Having Fewer Children is the Best Way to Cut Carbon, Swedish Researchers Find
Having one less child, going car-free, flying less, and shifting to a vegetarian diet are the most promising but rarely-emphasized options for people in industrialized countries to reduce their carbon footprint, researchers from Lund University in Sweden report in the journal Environmental Research Letters.
The research team calculated the impact of having one less child at 58 tonnes per year of a parent’s life by factoring in 50% of the child’s carbon footprint, 25% of each grandchild’s emissions, and so on.
Like this story? Subscribe to The Energy Mix and never miss an edition of our free e-digest.
“We recognize these are deeply personal choices. But we can’t ignore the climate effect our lifestyle actually has,” said researcher Kimberly Nicholas. “It is our job as scientists to honestly report the data. Like a doctor who sees the patient is in poor health and might not like the message ‘smoking is bad for you’, we are forced to confront the fact that current emission levels are really bad for the planet and human society.”
Annual per capita carbon emissions currently stand at 16 tonnes in the United States and Australia and seven tonnes in the UK, far short of the two-tonne target developed countries must achieve by 2050 to avert the worst effects of climate change.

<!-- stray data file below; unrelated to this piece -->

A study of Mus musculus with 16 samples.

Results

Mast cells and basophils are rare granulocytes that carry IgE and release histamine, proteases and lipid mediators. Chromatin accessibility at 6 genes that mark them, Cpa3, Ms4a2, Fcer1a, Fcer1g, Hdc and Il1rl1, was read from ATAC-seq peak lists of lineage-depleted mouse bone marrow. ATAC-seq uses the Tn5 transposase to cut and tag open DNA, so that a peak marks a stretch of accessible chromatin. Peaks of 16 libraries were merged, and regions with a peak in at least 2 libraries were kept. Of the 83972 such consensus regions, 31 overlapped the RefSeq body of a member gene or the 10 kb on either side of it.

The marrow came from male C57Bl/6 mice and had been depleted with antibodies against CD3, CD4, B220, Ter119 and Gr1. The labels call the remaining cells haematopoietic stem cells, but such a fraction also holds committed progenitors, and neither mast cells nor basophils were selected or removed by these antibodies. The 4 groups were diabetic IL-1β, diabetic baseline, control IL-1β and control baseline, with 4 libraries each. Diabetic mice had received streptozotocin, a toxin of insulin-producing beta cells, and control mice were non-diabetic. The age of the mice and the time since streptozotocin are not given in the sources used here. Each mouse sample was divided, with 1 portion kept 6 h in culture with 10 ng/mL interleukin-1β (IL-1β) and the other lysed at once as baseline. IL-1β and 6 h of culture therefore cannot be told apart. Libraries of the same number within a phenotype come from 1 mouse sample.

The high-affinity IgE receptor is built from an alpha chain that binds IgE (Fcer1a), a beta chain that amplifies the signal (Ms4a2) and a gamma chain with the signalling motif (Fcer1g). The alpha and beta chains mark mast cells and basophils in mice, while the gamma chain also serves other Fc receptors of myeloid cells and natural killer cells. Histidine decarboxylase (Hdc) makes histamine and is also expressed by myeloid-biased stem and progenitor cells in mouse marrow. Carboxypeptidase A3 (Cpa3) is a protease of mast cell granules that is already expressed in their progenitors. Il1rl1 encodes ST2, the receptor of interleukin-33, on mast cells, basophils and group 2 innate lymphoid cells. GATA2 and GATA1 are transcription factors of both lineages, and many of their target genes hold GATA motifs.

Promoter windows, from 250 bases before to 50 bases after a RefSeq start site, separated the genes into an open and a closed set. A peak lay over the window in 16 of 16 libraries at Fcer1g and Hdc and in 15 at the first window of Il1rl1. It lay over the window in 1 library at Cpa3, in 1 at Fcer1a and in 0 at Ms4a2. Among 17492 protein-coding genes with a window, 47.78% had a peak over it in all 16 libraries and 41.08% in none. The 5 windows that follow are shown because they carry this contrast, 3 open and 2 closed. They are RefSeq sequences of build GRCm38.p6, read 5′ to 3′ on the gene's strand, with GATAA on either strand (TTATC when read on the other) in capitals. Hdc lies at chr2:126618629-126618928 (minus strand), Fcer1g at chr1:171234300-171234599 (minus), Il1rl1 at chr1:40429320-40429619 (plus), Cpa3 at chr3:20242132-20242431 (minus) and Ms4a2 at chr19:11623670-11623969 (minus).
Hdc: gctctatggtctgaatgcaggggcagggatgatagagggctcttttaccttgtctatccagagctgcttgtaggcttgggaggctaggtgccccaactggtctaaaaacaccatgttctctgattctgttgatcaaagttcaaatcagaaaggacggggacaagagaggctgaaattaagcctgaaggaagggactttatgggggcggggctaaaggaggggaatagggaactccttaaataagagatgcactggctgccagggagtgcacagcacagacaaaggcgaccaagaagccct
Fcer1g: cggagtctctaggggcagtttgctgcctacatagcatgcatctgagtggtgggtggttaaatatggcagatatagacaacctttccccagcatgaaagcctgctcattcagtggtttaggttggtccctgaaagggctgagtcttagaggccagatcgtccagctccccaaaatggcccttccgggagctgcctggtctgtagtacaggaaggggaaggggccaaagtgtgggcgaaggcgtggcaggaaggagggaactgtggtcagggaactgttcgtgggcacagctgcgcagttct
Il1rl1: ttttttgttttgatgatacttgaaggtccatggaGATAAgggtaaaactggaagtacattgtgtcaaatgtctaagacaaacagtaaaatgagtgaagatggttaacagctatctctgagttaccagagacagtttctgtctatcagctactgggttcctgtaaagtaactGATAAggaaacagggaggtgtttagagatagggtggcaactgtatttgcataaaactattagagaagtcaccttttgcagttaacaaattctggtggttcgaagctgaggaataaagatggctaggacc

The best carbon reduction options “reduce emissions many times more than common green activities, such as recycling, using low-energy light bulbs, or drying washing on a line,” The Guardian reports. “However, the high impact actions are rarely mentioned in government advice and school textbooks, researchers found.”
The Guardian notes that overpopulation “has been a controversial factor in the climate change debate,” and Nicholas acknowledged the choices involved are anything but simple.
“In life, there are many values on which people make decisions and carbon is only one of them,” she said. “I don’t have children, but it is a choice I am considering and discussing with my fiancé. Because we care so much about climate change, that will certainly be one factor we consider in the decision, but it won’t be the only one.”